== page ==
University Administrator Jennifer Rosato
When Jennifer Rosato became dean of the Northern Illinois University (NIU) College of Law last July, she also became the first Italian-American female dean of any law school in the country. It should also be mentioned that she also treasures her Latino ancestry, on her mother's side.
Rosato comes to NIU from Drexel University in Philadelphia, where she was part of the administrative team that created and launched the Earle Mack School of Law. An ambitious endeavor, but with 20-20 hindsight, she was obviously up to.
She was acting dean during the school's first year of operation (July 2006 to April 2007) and a consultant on the project for a year prior. The experience she gained in those positions will continue to be useful in her role in the top spot at NIU Law.
The NIU search committee recognized that Rosato's experience made her stand out, even among an excellent field of candidates culled from a national search. NIU Executive Vice President and Provost Raymond Alden III said there were several attributes that made her a good fit.
"Dean Rosato provides an excellent mix of experience, enthusiasm and leadership skills," said Alden. "The insights she gleaned in helping to open the doors at Drexel, combined with her outstanding record of scholarship and leadership in nearly two decades as a legal educator, make her a wonderful candidate to assume the mantle of leadership at NIU Law."
Born and raised on the East Coast, Rosato earned a bachelor's degree at Cornell in social work and, as a senior completing her practicum, worked as a caseworker in child protective services in Elmira, N.Y. It was there that her experiences dealing with children in foster care awakened her interest in law, particularly family law.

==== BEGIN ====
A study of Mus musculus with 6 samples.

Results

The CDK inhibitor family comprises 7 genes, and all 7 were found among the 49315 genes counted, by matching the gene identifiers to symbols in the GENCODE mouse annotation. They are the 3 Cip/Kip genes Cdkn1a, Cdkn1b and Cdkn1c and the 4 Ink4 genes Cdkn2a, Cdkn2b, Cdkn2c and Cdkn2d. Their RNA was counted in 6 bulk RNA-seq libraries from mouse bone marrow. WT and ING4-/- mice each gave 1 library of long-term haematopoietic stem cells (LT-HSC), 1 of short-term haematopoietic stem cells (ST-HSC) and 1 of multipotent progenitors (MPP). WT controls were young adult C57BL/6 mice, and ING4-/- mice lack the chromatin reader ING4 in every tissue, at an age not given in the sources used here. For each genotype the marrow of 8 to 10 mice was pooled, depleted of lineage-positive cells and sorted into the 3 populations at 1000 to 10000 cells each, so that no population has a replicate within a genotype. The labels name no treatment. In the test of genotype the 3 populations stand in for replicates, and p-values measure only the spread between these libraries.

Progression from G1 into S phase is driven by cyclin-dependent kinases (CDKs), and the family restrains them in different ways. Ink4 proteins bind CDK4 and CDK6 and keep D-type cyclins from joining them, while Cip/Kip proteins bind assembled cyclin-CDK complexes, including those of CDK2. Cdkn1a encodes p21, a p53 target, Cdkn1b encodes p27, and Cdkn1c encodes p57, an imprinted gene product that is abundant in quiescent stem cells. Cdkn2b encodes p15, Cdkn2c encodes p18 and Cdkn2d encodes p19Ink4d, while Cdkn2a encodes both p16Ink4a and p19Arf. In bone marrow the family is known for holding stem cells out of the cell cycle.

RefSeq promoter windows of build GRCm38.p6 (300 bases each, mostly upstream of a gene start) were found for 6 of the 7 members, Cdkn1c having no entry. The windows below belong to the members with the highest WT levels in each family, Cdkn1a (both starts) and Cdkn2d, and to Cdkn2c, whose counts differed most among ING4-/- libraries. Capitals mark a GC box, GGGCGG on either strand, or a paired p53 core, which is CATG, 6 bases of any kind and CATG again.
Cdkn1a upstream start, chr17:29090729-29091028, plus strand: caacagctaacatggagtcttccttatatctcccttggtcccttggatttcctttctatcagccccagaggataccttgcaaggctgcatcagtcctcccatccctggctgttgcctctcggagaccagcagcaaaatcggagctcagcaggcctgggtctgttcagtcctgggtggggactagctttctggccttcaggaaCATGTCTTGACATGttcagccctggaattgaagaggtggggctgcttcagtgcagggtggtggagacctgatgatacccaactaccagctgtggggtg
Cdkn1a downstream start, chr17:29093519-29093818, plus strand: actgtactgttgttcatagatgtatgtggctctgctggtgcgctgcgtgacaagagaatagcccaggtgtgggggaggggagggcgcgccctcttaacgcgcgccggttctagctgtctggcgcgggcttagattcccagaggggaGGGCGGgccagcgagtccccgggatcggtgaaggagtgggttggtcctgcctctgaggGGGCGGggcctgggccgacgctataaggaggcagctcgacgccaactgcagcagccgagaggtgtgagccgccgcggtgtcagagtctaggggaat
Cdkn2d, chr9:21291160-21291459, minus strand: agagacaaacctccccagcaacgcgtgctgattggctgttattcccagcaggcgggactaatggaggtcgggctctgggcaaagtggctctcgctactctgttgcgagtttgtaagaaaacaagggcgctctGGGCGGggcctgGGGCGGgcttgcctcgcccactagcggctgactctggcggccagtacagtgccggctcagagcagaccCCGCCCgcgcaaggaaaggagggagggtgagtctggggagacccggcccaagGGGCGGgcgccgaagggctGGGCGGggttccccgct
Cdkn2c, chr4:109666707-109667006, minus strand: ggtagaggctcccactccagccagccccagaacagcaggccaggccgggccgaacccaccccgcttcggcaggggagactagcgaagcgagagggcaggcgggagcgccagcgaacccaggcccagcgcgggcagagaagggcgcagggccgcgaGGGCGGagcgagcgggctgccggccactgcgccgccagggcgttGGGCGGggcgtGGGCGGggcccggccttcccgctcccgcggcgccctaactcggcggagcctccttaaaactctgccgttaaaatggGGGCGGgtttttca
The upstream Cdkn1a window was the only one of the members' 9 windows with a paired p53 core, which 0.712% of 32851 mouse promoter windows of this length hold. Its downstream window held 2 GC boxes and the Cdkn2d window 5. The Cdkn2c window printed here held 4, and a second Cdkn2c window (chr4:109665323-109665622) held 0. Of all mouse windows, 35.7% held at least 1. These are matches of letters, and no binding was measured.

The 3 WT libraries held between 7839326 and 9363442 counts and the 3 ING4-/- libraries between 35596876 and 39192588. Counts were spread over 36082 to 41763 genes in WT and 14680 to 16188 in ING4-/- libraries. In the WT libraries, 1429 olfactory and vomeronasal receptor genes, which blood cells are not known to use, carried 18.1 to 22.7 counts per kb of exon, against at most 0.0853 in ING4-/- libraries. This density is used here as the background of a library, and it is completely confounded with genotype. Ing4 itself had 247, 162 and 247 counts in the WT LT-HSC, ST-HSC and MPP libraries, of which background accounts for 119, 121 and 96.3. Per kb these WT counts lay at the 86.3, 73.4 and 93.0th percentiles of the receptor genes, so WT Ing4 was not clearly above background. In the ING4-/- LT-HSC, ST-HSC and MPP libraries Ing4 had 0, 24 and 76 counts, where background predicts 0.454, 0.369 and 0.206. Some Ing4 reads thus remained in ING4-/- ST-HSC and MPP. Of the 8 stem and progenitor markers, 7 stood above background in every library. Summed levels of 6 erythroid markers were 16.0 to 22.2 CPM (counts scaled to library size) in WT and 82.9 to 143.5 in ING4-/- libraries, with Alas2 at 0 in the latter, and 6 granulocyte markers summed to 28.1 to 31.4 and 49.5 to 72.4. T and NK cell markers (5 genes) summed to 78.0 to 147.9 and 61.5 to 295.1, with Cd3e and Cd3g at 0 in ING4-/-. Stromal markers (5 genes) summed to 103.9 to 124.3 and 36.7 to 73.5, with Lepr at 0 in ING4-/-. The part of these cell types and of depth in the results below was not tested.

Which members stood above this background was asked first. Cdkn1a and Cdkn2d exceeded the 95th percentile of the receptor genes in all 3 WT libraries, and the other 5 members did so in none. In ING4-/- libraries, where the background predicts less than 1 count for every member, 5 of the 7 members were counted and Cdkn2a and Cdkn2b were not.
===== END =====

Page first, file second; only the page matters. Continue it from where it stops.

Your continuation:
Rosato decided to enter the University of Pennsylvania Law School and threw herself wholeheartedly into the experience. She became editor-in-chief of the school's Journal of International Business Law. She entered moot court competitions and won, even arguing before former U.S. Supreme Court Justice O'Connor as a third-year law student. She wanted to become involved in as many activities as she could handle and interact with as many of her peers and professors as possible.
"I loved law school. I saw it as an opportunity to really challenge myself and get a great education," she said. "It's a chance to talk to smart people, to test your ideas and get to know your professors. I ate it up."
For Rosato, the passion for family law issues continued to drive her career and scholarship. After she left law school, she clerked for a federal court judge for two years, spent a year as an associate in a Philadelphia law firm, then turned to teaching and writing on diverse legal issues. She was an instructor at Villanova University School of Law before moving to Brooklyn Law School in 1992, where she taught courses including civil procedure, legal ethics, bioethics and public policy, and family law.
While at Brooklyn Law School, Rosato was associate dean for student affairs and also co-director of the Center for Health, Science and Public Policy as well as professor of law.
In 2006, Rosato moved to Drexel University, and was hired as a professor and senior associate dean for student affairs for the new College of Law. She had been working as a consultant to Drexel, helping the university create the law school from the ground up, including hiring faculty and curriculum development. Then, as acting dean and associate dean, she had the opportunity to launch a law school to educate lawyers for the 21st century. Part of that vision was to build a law community that championed diversity.
At NIU Law, Rosato is excited about building on the law school's strengths, including access, diversity, experiential learning, and public service. She hopes to engage the law school further with the university and the surrounding community. She and the faculty are already working on collaborations with other colleges, including interdisciplinary programs in environmental and health law. She also would like to enhance the school's national reputation.
What also keeps her young is maintaining a healthy lifestyle with plenty of exercise. Rosato is a runner and often has often participated in 5K races. She also travels a lot: returning frequently to Philadelphia to be with her 12-year-old daughter, attending conferences, and visiting alumni.
Dean Rosato is very happy with her career choice and is looking forward to fulfilling her six-year commitment at NIU.